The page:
A Judge Ruled the State Can’t Ban Prescription Drug Zohydro

The FDA's choice to allow the sale of the pills trumps Massachusetts' attempt to keep them out of people's hands.

After a brief battle in court this week, a federal judge ruled Tuesday that state officials don’t have the legal muscle to stop doctors from prescribing a powerful prescription painkiller called Zohydro, since it’s already been approved for use and sale by the Federal Drug Administration.

Citing the fact that the administration has federal jurisdiction over such decisions, U.S. District Court Judge Rya Zobel said Governor Deval Patrick’s arguments in support of an emergency order for a statewide ban on Zohydro, an opiate produced by California-based Zogenix, Inc. that’s used to treat chronic pain in patients, is without merit. “Although the ban may prevent someone from misusing the drug, the ban prevents all in need of its special attributes from receiving the pain relief Zohydro ER offers,” the judge wrote in a five-page filing submitted Tuesday. “I conclude that the Commonwealth’s emergency order is preempted by federal law.”

The order goes into effect on April 22.

Last week, the makers of Zohydro filed a three-count complaint in federal court alleging that Patrick’s ploy to unfurl an emergency order banning the prescription, ordering, dispensing, and administration of the controversial drug was unconstitutional. The company argued that the proposed ban, declared by Patrick during a press conference addressing the heroin and opiate epidemic plaguing the state, also shed a negative light on Zogenix’s research and standing in the medical community. After Patrick enacted the ban, the company immediately filed for a temporary restraining order and preliminary injunction to block Patrick’s actions. “The Commonwealth’s actions are likely to cause physicians, pharmacists, and patients—both in Massachusetts and across the country—to wrongly believe that Zohydro ER is not safe and effective for its intended use,” the company said in court documents.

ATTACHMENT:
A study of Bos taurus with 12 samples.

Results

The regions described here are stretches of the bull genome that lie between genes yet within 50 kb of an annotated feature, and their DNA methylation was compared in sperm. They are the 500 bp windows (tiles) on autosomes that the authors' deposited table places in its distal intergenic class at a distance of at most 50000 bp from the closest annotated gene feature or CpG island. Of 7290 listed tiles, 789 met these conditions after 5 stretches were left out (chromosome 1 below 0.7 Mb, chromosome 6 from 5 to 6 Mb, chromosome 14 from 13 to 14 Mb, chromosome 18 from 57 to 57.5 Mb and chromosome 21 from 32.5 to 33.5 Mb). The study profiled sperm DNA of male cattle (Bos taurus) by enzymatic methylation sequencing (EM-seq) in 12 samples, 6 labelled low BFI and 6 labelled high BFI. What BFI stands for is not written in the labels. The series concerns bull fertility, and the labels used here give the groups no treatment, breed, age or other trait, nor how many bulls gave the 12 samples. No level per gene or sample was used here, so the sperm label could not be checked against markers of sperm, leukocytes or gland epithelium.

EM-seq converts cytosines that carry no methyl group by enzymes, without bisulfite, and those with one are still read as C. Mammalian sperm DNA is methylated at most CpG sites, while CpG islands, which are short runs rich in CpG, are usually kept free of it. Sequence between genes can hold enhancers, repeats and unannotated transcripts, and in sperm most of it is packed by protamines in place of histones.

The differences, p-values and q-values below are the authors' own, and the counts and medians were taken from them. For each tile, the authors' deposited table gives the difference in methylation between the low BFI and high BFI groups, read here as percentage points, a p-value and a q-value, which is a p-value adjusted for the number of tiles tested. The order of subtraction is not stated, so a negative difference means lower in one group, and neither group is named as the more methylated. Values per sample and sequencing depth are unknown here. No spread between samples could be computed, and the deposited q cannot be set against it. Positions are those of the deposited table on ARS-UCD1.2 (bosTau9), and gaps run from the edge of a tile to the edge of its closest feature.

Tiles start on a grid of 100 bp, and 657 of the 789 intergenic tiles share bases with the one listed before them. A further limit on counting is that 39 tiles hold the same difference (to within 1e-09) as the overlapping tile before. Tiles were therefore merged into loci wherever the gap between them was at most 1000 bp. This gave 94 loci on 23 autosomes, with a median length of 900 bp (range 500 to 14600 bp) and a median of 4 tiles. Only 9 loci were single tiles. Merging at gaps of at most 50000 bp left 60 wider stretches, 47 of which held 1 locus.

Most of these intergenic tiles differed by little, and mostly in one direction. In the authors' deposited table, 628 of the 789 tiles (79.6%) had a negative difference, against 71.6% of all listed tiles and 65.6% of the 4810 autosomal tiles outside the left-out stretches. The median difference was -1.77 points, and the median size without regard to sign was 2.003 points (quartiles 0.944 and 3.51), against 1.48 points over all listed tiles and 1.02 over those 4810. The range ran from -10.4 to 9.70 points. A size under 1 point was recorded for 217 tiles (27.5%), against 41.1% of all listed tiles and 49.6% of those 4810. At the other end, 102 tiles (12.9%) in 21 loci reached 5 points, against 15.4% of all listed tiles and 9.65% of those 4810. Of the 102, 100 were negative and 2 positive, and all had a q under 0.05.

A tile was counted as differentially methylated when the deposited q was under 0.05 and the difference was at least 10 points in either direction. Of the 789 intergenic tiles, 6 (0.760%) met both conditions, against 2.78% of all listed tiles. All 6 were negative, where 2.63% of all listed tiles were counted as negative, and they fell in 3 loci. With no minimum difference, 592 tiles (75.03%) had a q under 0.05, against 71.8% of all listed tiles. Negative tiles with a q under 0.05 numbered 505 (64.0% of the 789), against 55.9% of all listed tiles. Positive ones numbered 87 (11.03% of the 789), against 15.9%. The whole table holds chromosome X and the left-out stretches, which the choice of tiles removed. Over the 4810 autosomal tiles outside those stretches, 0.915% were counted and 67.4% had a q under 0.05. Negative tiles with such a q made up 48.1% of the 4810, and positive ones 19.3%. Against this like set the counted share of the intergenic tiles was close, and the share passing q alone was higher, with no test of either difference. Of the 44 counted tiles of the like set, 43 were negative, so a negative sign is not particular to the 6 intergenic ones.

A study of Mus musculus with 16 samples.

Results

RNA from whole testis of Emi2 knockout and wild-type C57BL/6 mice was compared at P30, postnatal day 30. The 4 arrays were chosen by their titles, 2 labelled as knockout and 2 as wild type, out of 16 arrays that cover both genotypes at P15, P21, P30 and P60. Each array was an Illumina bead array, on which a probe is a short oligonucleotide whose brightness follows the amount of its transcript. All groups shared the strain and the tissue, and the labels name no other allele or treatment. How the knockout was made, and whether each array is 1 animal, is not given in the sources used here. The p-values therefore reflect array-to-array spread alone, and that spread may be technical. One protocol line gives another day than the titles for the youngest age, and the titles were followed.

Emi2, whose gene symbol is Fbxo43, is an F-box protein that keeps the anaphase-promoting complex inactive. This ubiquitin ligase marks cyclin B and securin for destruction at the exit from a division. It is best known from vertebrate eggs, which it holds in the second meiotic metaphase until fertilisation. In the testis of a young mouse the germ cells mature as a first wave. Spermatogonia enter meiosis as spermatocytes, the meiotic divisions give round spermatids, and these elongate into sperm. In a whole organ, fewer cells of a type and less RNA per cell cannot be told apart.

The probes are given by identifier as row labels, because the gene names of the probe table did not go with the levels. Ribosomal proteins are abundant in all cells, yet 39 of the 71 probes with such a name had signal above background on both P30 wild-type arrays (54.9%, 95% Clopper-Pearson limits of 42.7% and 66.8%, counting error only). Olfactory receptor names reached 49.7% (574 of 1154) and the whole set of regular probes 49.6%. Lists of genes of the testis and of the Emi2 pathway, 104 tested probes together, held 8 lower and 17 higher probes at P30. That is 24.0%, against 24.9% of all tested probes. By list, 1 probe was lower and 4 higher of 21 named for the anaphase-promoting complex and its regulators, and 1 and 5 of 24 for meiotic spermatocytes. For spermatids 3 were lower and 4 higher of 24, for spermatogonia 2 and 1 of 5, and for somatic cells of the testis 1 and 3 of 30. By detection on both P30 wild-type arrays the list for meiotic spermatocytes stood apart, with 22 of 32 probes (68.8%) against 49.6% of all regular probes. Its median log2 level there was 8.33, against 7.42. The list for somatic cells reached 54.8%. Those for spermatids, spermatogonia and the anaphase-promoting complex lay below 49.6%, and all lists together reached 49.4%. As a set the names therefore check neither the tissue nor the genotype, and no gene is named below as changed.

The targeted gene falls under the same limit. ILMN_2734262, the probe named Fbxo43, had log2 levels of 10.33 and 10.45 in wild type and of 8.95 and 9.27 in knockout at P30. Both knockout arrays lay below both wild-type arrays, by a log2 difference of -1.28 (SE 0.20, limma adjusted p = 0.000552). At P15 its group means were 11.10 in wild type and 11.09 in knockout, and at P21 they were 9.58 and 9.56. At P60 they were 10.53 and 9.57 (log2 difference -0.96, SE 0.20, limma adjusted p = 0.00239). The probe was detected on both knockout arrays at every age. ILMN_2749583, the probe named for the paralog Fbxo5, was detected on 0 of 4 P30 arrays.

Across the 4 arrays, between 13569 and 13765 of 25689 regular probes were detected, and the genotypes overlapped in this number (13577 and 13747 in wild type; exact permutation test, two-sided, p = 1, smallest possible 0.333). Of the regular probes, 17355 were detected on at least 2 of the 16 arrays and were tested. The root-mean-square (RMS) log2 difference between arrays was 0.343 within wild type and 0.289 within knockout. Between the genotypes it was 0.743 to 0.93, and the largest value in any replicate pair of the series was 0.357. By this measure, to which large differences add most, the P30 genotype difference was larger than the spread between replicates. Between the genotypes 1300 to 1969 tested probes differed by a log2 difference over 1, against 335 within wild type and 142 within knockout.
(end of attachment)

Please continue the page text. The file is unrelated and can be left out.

Packaged inside of a time-release capsule, the potent drug allegedly delivers close to five-times the typical amount of the narcotic hydrocodone than is found in other similar painkillers and medications. It’s not tamper proof, which means it can be crushed and, in essence, easily abused, state officials said when calling for the ban.

“Because Zohydro does not have an ‘abuse-resistant formulation,’ it can be crushed and inhaled or injected, making the full dose of the hydrocodone available immediately,” Zobel wrote Tuesday, adding that the state’s concern was especially potent given the recent spike in opioid-and-heroin-related deaths in Massachusetts. But that didn’t stop the judge from allowing the injunction.

“The FDA endorsed Zohydro ER’s safety and effectiveness when it approved the drug. When the Commonwealth interposed its own conclusion about Zohydro ER’s safety and effectiveness by virtue of DPH’s emergency order, did it obstruct the FDA’s Congressionally-given charge? I conclude that it did,” Zobel said.

During a court hearing yesterday, prior to the judge’s decision, family members of drug addicts that are part of a group called “Learn to Cope” rallied in support of Patrick’s ban. “LTC mothers and fathers will never stop fighting the good fight because of what they have been through and in the hopes other families won’t,” they wrote on their Facebook page at  the time. 

Patrick did  not immediately respond to the court’s decision, but the makers of the drug applauded the court for upholding Constitutional principles. “Today’s legal ruling was a positive step forward for Massachusetts patients,” stated Roger Hawley, chief executive officer of Zogenix. “We invite concerned officials to engage with us to discuss fair and appropriate safeguards for pain medications like Zohydro ER rather than seeking to ban or restrict one specific treatment.”